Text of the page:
By Portfolio Editor Roz Hamlett and Lenis Rodrigues, Media Relations Staff
Located on Export Street in the heart of Port Newark, amid the bustling trucks and stacks of cargo containers, a little-known oasis awaits mariners who work aboard the big ships: the Seamen’s Church Institute (SCI).
Thanks to the interfaith pastoral care provided by The Rev. Marjorie Lindstrom, SCI’s Senior Port Chaplain and The Rev. James Kollin, mariners from around the world can enjoy a bit of home away from home when they arrive at Port Newark. In addition to providing spiritual guidance, the two chaplains help seamen connect to family and friends with cell phones and phone cards. They facilitate precious shore leave opportunities and even drive them to local malls if called upon to shop.
“For us, this work goes beyond the walls of the church,” Lindstrom said. “It’s taking pastoral care on the road, up the gangways and on board ship to a whole new world waiting to be explored. It’s where ‘the rubber meets the road,’ as my father used to say.”
SCI hired both chaplains as full-time employees: Kollin has been at SCI for 15 years, while Lindstrom has been a chaplain for 10 years. They both reside in New Jersey and are Episcopalian, though SCI is ecumenical and not under the auspices of any one diocese.
The close working relationship between the Port of New York and New Jersey (PONYNJ) and SCI goes back to 1834. Yet most people know next to nothing about the lives of the seafarers.
Life as a mariner is tough. They come from around the world – places like the Philippines, Greece, Russia, Ukraine, India and the U.S. They spend months aboard vessels away from their homes, families and friends. The pay is relatively high, which allows them to support their families and handle the high costs of college educations for their children.
Jovic Delgado, a seaman from the Philippines, has been away from home sometimes for as a long as six months. While taking a quiet moment in the SCI chapel recently, he explained that for him, the toughest part of being a mariner is leaving the family behind. “My two girls become very sad and there’s a lot of crying when I leave.”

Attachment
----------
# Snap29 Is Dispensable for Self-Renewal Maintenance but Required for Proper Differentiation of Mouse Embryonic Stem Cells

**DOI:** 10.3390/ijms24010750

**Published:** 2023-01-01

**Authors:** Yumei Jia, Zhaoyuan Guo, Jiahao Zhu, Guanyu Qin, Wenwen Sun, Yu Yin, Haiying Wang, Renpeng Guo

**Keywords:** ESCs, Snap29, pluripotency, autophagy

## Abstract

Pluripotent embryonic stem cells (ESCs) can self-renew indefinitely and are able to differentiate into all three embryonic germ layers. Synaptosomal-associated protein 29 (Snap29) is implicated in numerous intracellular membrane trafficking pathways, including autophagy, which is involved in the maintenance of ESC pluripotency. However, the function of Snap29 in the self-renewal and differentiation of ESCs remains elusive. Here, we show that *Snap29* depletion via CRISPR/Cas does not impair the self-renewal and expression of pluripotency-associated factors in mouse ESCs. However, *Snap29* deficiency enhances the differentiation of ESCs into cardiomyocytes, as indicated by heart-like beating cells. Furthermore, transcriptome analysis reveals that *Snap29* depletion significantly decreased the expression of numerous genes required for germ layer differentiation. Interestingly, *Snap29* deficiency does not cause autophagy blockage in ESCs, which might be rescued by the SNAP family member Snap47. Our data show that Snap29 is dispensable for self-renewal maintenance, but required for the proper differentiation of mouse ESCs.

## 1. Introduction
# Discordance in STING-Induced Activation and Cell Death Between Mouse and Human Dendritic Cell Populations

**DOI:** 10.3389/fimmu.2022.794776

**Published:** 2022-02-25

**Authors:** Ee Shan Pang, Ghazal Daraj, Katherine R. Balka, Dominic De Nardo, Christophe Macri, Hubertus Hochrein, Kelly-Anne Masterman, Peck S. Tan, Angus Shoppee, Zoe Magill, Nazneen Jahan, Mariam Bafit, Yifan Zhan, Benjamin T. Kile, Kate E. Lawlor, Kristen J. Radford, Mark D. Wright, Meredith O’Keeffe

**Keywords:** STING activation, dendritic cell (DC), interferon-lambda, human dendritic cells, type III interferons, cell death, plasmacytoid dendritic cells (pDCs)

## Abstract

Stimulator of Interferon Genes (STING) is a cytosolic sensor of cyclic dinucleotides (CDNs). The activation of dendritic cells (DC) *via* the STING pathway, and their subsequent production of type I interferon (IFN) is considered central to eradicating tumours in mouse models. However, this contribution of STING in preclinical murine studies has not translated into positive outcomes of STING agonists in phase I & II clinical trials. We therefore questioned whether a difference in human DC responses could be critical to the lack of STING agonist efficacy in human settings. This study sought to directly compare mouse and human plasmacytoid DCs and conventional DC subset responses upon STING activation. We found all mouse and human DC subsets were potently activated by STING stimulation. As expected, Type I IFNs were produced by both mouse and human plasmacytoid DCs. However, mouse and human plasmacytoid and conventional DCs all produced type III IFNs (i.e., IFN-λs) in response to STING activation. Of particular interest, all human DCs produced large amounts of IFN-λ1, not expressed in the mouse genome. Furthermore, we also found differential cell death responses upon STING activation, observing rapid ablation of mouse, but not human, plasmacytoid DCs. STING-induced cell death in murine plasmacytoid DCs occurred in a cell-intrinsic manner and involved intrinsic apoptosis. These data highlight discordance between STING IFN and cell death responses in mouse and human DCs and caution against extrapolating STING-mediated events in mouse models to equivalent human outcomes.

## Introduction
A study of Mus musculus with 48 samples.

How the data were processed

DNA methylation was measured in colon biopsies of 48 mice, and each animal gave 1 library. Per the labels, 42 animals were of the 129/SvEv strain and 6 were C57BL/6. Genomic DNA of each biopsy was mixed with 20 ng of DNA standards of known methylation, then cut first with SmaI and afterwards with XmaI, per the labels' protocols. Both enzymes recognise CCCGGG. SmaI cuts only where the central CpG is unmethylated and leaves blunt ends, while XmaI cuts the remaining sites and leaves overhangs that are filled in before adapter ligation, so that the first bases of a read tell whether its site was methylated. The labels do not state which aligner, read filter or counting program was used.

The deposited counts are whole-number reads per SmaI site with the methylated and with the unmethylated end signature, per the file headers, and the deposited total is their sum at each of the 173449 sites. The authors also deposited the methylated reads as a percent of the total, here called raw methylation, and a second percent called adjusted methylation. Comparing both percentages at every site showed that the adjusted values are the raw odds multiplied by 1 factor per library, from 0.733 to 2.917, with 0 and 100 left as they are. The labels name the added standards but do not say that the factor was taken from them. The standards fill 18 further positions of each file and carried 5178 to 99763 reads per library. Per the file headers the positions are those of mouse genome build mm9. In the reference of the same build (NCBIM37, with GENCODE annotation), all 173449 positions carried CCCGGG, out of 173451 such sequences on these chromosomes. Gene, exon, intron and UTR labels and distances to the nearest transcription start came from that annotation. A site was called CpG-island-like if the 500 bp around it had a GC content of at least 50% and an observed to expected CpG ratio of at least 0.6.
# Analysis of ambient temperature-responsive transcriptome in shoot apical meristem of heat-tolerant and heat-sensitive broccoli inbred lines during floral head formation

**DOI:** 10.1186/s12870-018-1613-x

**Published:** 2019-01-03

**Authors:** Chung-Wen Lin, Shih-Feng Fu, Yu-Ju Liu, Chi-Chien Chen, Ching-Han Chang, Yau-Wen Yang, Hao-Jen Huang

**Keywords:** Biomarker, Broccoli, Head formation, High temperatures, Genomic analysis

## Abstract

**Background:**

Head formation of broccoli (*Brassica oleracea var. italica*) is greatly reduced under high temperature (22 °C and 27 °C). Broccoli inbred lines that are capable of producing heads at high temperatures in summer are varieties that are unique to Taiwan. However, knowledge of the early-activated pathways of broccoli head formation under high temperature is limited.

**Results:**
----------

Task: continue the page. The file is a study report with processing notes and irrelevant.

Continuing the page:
Kollin, who also is from the Philippines, said he often runs into compatriots he knows or that know him. “Sixty percent of the seafarers I see at PONYNJ are Filipino,” he said.
Aboard a tanker once, Kollin discovered to his surprise that the man with whom he was chatting was a relative. “We exchanged contact information and I told him to contact me at any time.”
Seafarers confront real-life dangers unique to their profession of the sort Tom Hanks encountered in the movie Captain Phillips, when the U.S. containership Maersk Alabama was overtaken by a band of Somali pirates near the Horn of Africa and the crew was taken hostage at gunpoint. Delgado said that ship crews are trained on how to handle pirates, and recalled an anxious incident when a Nigerian boat pilot attempted unsuccessfully to board his vessel.
“I’ll never forget the time I was asked to visit an oil tanker,” said Lindstrom. “The ship had come through extremely rough seas in the North Atlantic, and the crew was exhausted.” While they all had proper U.S. visas, the terminal would not allow anyone to leave ship due to security reasons, she recalled.
“After a 45-minute wait to get on the ship, I was met with many sullen faces. They were upset because they couldn’t get off ship. They needed things like toothpaste and toothbrushes, and white cotton crew neck Hanes tee-shirts. One person needed maintenance medication for his diabetes,” she said. “I asked if I could offer grace. As we assembled around the tables, I asked God to bless the crew, and I gave thanks for their safe arrival despite the terrible winds and the walls of water.”
Lindstrom is a second-generation chaplain to the mariners. She credits her father, The Rev. George Dawson, a former chaplain at SCI, with her choice of profession. Before her career in pastoral care, she worked for 30 years teaching learning-disabled boys.
“The highlight of our school year was the class trip to Port Newark. My father had befriended a few captains, who allowed my small classes to board ship, tour the engine room and bridge, and we ended the day with ice cream and cookies in the Officer’s Mess,” she said
Later as a student at General Theological Seminary in Manhattan, she completed her final semester at SCI, visiting ships and driving seafarers to the local mall. That’s when the sense that she might have a true calling at Port Newark began.
“It has been a joy and privilege to minister to our seafarers over the past 11 years,” said Lindstrom.
Watch the video below as Rev. Kollin describes what life was like for the mariners during Superstorm Sandy.